By enelson
Wednesday, October 18th, 2006 at 11:07 pm in Altamont Commuter Express, connectivity, rail.

ACE forum flier1.png

Having been around since March, I suppose one could argue that I should be up on the history of the Altamont Commuter Express.

But alas, my colleague, Rebecca, at the Tri-Valley Herald, has done such a good job of covering the Stockton-to-San Jose commuter rail service that I’ve been able to focus my attention elsewhere.

But she’s off to a more important assignment, and I have to get up-to-speed. Luckily, Rebecca will be around to write another story about ACE before I immerse myself in the zen of wi-fi-equipped rail service.

To do so, I may have to show up a public forum on ACE expansion projects?next Tuesday from?11 a.m. to 1 p.m. at the Pleasanton Library Community Room, 400 Old Bernal Avenue.

One question I might ask is, “Why is it necessary to make a better connection between BART and ACE now? Why didn’t we do that when the thing was started?”

I’m sure there’s a good reason, such as there was a choice between not building the thing or building it a little off, and they went with, build it.

I’m sure there are people out there (including Rebecca) who know the answer to this, and rather than ask them directly, I’ll wait for them to respond publicly so we can get on with fixing this thing and getting more Oakland, Berkeley and crossbay workers to start taking ACE to BART.

Until the jobs come back to Silicon Valley ACE is going to need a good reason to increase service to a frequency that will get more people off of I-580.


  1. Aaron Priven Says:

    BART was built in the 1950s at a time when there was no conventional passenger rail left, so there was no clear need to build a joint station. ACE was created in the 1990s on existing rail lines. Each time, it made sense. When ACE first started there was an AC Transit shuttle bus designed to meet the ACE trains, but it was cut at some point (I believe the 2003 AC Transit budget cuts).

    Building a transfer station where the two lines cross would be expensive, but good from a regional transportation perspective. On the other hand, it would not be so good from the perspective of the people who live where that station would be located, who might have to be displaced and the remainder would certainly have to deal with the traffic and parking impacts.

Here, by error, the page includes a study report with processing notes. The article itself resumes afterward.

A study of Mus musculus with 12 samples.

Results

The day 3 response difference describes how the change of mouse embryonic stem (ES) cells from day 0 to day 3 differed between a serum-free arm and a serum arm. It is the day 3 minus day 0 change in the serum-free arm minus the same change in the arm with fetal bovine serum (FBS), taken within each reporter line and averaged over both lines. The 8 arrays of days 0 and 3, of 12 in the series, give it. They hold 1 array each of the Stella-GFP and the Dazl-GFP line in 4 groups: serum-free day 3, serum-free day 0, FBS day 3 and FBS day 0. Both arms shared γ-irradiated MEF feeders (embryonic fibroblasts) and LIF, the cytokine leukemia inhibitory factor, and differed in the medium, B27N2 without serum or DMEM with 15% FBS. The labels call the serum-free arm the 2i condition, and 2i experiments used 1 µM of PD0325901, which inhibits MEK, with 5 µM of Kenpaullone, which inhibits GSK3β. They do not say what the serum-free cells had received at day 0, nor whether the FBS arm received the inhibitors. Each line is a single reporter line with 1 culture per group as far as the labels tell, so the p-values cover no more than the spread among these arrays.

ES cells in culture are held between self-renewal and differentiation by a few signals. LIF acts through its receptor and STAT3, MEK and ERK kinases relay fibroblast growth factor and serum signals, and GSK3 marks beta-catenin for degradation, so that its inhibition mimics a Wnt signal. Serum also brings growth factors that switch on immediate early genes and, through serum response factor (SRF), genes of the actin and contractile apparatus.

2. Vaughn Wolffe Says:

    Why is it necessary to make a better
    connection between BART and ACE now?

    Its not. Only 9% of the folks coming over the Altamont or through the Tri-Valley at commute time are going to a BART served area. This is a political push to make it look like connecting to BART will solve the congestion on I-580 & 680.

    Why didn’t we do that when the
    thing was started?

    Because Alameda county(BART) wanted ACE to fail. Properly developed ACE would negate the need or extend BART to Livermore and San Jose. For less than $1 billion ACE would easily solve the problem that $1 billion Livermore and $9 billion San Jose BART will fail at. But ACE will not provide the construction jobs Alameda and BART are hoping for.

    Until the jobs come back to Silicon Valley ACE is going to need a good
    reason to increase service to a frequency that will get more people off
    of I-580.

    Wrong, a Santa Clara VTA study 5 years ago indicated the 8 ACE trains would carry 10,000 riders today. With Dumbarton all cross bay riders would be better accommodated by ACE direct to SF and a better transfer for Berkeley would be in Fremont. Except the city of Fremont knows this and it would eliminate any need for extending BART so they are doing everything they can to disrupt Dumbarton and side track ACE in Livermore.

    Transportation planning is jobs creation. It has nothing to do will moving people.